February 3, 2014

Art by Algorithm: Portraits at the John Hartell Gallery


The artist, Andrew Lucia, is a visiting lecturer in architecture with expertise in computational design. The concept for Portraits was inspired by the ambiguity of intellectual property, due to which art and its visual representations are subject to digital reproduction and manipulation. Original works of art, or precise representations, are now as accessible to digital artists as any tangible medium. However, the line between allusion and plagiarism is fine. As Lucia puts it, these exhibit forces viewers to question, “When is [art] somebody’s and when is it not?” As Portraits powerfully communicates, allusions to previous works can resonate strong cultural significance, which could be a critical factor in shaping modern art, or, for the time being, the debate that surrounds it.

Lucia first used his algorithm on a triptych of photographs of Damion Hirst’s diamond-encrusted skull sculpture, “For the Love of God.” Intrigued by the distortion of such a popular work, Lucia expanded the concept to a larger series of works. From the triptych of Hirst’s work sprung the religious association of three and, thus, a triptych of depictions of Jesus followed by a self-portrait of Rembrandt and Andy Warhol’s painting of Marilyn Monroe.

Lucia says he primarily tried to select images that people would recognize in order to quickly understand that it is dissolving. Pointing to a blotchy red and blue silhouette, Lucia says, “Everyone can walk in and see that’s Michael Jackson,” and though the exhibit is only one quarter of the way over, the blurred and pixelated images are shockingly easy to identify. Varied in style and subject, each portrait stands out to a different group of people depending on their generation or background though, Lucia notes, Michael Jackson is by far the most quickly identified by viewers across the board.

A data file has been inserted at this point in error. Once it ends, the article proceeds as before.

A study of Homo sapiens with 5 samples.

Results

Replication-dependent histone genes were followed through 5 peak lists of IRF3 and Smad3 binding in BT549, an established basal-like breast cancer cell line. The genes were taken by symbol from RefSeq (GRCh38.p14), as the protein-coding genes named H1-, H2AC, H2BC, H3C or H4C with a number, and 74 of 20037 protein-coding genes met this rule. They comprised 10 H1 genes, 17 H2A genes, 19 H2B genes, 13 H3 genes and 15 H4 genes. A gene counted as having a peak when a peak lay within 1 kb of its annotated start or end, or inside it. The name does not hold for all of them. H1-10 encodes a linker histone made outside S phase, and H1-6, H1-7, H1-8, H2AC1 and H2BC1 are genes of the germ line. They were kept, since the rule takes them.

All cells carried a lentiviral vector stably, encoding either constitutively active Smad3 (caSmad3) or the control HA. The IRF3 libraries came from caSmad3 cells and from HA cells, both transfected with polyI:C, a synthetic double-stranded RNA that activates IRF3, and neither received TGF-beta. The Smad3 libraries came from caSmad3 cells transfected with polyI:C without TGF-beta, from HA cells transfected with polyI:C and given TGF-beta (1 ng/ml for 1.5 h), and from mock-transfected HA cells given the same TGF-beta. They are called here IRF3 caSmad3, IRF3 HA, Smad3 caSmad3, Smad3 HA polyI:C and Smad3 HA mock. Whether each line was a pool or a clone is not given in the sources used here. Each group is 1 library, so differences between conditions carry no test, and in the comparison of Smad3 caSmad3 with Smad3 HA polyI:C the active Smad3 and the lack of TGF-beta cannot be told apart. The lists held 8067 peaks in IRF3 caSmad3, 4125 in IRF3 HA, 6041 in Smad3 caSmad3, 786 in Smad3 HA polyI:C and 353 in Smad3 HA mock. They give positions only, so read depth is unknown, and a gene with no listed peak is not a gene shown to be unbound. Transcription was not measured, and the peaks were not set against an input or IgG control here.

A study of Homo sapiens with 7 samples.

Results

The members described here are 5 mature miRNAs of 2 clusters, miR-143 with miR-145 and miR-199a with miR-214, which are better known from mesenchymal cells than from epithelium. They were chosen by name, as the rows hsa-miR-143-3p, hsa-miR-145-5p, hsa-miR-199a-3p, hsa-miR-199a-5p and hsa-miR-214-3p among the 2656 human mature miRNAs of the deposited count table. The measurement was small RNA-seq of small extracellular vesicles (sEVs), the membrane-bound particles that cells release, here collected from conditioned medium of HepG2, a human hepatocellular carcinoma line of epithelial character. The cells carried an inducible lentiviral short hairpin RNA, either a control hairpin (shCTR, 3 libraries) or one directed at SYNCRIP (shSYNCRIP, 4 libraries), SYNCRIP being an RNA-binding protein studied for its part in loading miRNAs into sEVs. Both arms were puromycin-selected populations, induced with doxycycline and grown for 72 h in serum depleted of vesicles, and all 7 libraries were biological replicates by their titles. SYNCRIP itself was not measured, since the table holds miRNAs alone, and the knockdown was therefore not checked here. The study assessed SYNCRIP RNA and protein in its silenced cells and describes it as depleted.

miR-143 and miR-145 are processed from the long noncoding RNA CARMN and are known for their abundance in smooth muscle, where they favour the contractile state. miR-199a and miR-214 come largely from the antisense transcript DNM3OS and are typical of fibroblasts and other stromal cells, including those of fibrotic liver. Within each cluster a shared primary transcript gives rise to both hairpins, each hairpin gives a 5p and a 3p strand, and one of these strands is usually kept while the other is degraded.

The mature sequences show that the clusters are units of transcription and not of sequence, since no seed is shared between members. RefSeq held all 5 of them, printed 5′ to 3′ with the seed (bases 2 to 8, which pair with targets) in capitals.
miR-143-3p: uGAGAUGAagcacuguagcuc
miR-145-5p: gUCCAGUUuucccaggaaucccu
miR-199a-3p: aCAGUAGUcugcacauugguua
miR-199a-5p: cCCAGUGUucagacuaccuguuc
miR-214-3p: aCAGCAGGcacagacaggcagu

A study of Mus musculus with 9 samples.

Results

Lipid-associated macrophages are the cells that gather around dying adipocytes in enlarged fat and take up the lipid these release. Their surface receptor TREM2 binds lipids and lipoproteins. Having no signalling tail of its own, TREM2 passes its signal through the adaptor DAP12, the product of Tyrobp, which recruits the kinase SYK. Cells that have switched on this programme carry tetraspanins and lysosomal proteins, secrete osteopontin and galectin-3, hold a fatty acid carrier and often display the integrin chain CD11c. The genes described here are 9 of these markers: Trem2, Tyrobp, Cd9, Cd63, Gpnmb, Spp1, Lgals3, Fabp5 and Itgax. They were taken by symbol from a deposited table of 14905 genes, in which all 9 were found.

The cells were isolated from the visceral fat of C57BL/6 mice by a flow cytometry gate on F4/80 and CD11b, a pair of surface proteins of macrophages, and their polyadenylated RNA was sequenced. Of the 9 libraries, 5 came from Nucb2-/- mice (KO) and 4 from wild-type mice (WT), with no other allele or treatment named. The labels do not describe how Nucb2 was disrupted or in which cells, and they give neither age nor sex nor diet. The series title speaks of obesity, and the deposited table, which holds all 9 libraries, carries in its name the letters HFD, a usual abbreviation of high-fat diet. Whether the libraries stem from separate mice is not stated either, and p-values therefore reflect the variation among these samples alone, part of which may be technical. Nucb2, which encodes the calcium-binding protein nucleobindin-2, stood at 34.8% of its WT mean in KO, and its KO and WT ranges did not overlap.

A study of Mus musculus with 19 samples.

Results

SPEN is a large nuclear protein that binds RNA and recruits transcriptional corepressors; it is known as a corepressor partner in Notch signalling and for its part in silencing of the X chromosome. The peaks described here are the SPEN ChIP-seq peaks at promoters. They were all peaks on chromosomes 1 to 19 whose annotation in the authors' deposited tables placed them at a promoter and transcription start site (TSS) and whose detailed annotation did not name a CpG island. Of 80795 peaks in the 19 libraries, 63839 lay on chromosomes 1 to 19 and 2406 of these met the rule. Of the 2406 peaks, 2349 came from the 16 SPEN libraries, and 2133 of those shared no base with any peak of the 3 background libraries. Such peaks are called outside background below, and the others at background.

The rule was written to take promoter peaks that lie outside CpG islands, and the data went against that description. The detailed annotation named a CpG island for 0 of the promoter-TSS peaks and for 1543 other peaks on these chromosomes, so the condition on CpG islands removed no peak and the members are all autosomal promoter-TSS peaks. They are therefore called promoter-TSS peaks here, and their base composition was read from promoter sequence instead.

While the images retain some semblance of their original form, the abstract distribution of color is, in itself, intriguing. In particular, the gray scale of a Chuck Close self-portrait and fragments of turquoise background that have begun to carve out Michael Jackson’s silhouette could stand alone as modern works of art. In fact, Lucia had initially intended for Portraits to consist of a series of prints, to apply his algorithm to images and display select stills of the picture as it evolved. Several of the initial prints, including the interpretation of Warhol’s Marilyn Monroe accompanying the exhibition’s publicity, are also on display in Sibley Hall.

All of the pictures began as high-resolution images.  As varied as their styles are — ranging in medium from oil to photography and in genre from pop art to realism — the selections are chosen from works of sharp imagery, avoiding styles such as impressionism, to distinctly portray their distortion.

In the weeks leading up to the exhibit, musician and DMA graduate student Taylan Cihan collaborated with Lucia to create a sound installation to complement Portraits. Portraits, as well as several of Lucia and Cihan’s past collaborations have been guided by the correlation between sound and image — Lucia actually created the algorithm used in Portraits while creating a visual work to accompany one of Cihan’s orchestra compositions, which inspired his current exhibition. The sound for the exhibition was guided by the space, with chords stretched to match the bass frequency of the gallery.

Had I had the chance to see all of the portraits in their original form on the first day of Portrait’s display, the exhibit would have without question appeared entirely plagiarized. However, just a week later, their spotty resemblances are hardly criminalizing and Lucia recommends, “You have to come in several times.” Seeing each work at different stages in distortion may be the most direct way to decide when an image has transformed beyond ownership — or to realize how arbitrary the line is between the two. In the fleeting images lies the exhibition’s conceptual strength, in helping to define the boundaries of intellectual property.